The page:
Vice President Joe Biden is saluted as he arrives to speak at the commencement for the United States Coast Guard Academy in New London, Conn., Wednesday, May 22, 2013. The vice president told graduating cadet that the nation will increasingly rely on the service for missions including more remote Arctic operations, port security and support of other U.S. military branches in securing maritime shipping around the world. (AP Photo/Jessica Hill)

NEW LONDON, Conn. — Vice President Joe Biden told graduating cadets Wednesday at the U.S. Coast Guard Academy that the nation will increasingly rely on the service for missions including more remote Arctic operations and fighting maritime crime alongside the U.S. Navy.

With the Thames River as his backdrop under overcast skies, Biden told the 227 cadets at the academy’s 132nd commencement that far beyond search and rescue missions, the service works closely with other branches of the armed forces in a way many Americans do not realize.

“This is not your father’s Coast Guard,” Biden said. “Your job is only getting more complicated.”

The Coast Guard Academy, the smallest of the five federal service academies, has about 940 cadets in its four-year program. They graduate as ensigns, or junior officers, with a bachelor of science degree and an obligation to serve five years in the U.S. Coast Guard.

Biden began his keynote address by saying his thoughts were with the victims of the tornado that hit Oklahoma. He praised Connecticut Gov. Dannel P. Malloy, a fellow Democrat who joined him at the ceremony, for his handling of the Newtown school shooting. He said Malloy knows “what it’s like to go through such travails.”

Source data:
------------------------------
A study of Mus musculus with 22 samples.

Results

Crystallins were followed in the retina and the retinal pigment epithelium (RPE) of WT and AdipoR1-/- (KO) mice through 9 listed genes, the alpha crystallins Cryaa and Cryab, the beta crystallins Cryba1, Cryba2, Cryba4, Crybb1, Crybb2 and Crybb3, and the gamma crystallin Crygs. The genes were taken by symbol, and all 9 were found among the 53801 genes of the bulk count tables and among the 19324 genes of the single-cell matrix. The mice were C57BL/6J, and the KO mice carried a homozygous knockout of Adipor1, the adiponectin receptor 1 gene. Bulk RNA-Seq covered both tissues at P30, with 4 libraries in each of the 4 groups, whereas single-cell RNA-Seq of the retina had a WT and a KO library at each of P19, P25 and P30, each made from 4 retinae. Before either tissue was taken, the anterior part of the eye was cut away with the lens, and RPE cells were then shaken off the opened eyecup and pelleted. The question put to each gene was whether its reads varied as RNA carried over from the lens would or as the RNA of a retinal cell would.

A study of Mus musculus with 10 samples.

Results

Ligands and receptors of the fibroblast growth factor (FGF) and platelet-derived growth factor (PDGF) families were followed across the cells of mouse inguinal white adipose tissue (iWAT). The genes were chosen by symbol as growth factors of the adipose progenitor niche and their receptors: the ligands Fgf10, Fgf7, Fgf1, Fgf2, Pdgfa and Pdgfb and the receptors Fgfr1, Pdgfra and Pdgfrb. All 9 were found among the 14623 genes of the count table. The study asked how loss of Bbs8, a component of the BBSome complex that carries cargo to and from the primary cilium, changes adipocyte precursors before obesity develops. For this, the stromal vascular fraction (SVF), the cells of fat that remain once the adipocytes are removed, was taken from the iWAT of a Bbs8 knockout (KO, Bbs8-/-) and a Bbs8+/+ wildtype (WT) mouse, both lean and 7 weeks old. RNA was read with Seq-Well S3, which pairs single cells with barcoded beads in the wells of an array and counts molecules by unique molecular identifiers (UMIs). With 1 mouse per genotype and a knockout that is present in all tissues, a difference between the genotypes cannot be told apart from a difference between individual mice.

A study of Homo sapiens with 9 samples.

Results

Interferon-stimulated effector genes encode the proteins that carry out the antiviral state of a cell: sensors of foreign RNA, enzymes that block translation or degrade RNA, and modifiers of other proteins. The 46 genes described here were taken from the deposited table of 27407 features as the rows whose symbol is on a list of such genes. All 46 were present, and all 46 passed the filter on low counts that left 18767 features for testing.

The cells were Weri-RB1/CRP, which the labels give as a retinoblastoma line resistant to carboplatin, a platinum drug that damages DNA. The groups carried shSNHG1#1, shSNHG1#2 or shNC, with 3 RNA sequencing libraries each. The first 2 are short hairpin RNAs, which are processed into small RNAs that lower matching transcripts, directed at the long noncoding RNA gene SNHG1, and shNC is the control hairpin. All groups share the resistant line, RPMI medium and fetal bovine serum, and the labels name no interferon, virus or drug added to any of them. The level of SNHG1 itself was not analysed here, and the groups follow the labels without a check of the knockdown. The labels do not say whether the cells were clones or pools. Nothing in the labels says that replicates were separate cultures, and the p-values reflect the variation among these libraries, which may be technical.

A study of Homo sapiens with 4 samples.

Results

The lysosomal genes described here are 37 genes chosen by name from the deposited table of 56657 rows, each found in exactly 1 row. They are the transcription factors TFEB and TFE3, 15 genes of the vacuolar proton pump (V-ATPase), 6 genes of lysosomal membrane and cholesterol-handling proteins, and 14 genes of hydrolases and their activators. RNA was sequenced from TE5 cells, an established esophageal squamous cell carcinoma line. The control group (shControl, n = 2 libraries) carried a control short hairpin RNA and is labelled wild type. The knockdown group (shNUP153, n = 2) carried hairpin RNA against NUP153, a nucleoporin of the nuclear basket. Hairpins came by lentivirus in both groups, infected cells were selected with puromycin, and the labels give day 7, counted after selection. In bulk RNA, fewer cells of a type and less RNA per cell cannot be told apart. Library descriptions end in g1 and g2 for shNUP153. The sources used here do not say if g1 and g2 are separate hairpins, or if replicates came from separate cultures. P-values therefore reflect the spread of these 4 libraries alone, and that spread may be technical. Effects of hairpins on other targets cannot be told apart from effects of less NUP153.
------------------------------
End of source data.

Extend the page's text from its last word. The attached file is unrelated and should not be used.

The vice president said the graduating cadets, too, will face “stormy and uncertain seas” from time to time. But he told the cadets arrayed on a football field surrounded by red-brick buildings they have what it takes to face a rapidly changing world.

As climate change opens new sea routes in the Arctic, Biden said the cadets will be involved in conducting more remote Arctic operations. And as the country contends with security threats from pirates and other stateless actors, he said they will be conducting port security training missions in such countries as Indonesia and Saudi Arabia and working to ensure U.S port facilities around the world meet security standards.

“You graduate into a world where the new fault lines between nations are the sea lanes and the straits you know so well,” he said.

The highest-ranking cadet of the class of 2013, Joseph Sullivan-Springhetti of Beaverton, Ore., said in an address that his class can look forward to saving lives, interdicting drugs, stopping pollution and training foreign navies.

“You and I stand on the brink, on the cusp, of the greatest adventure of our lives,” he said.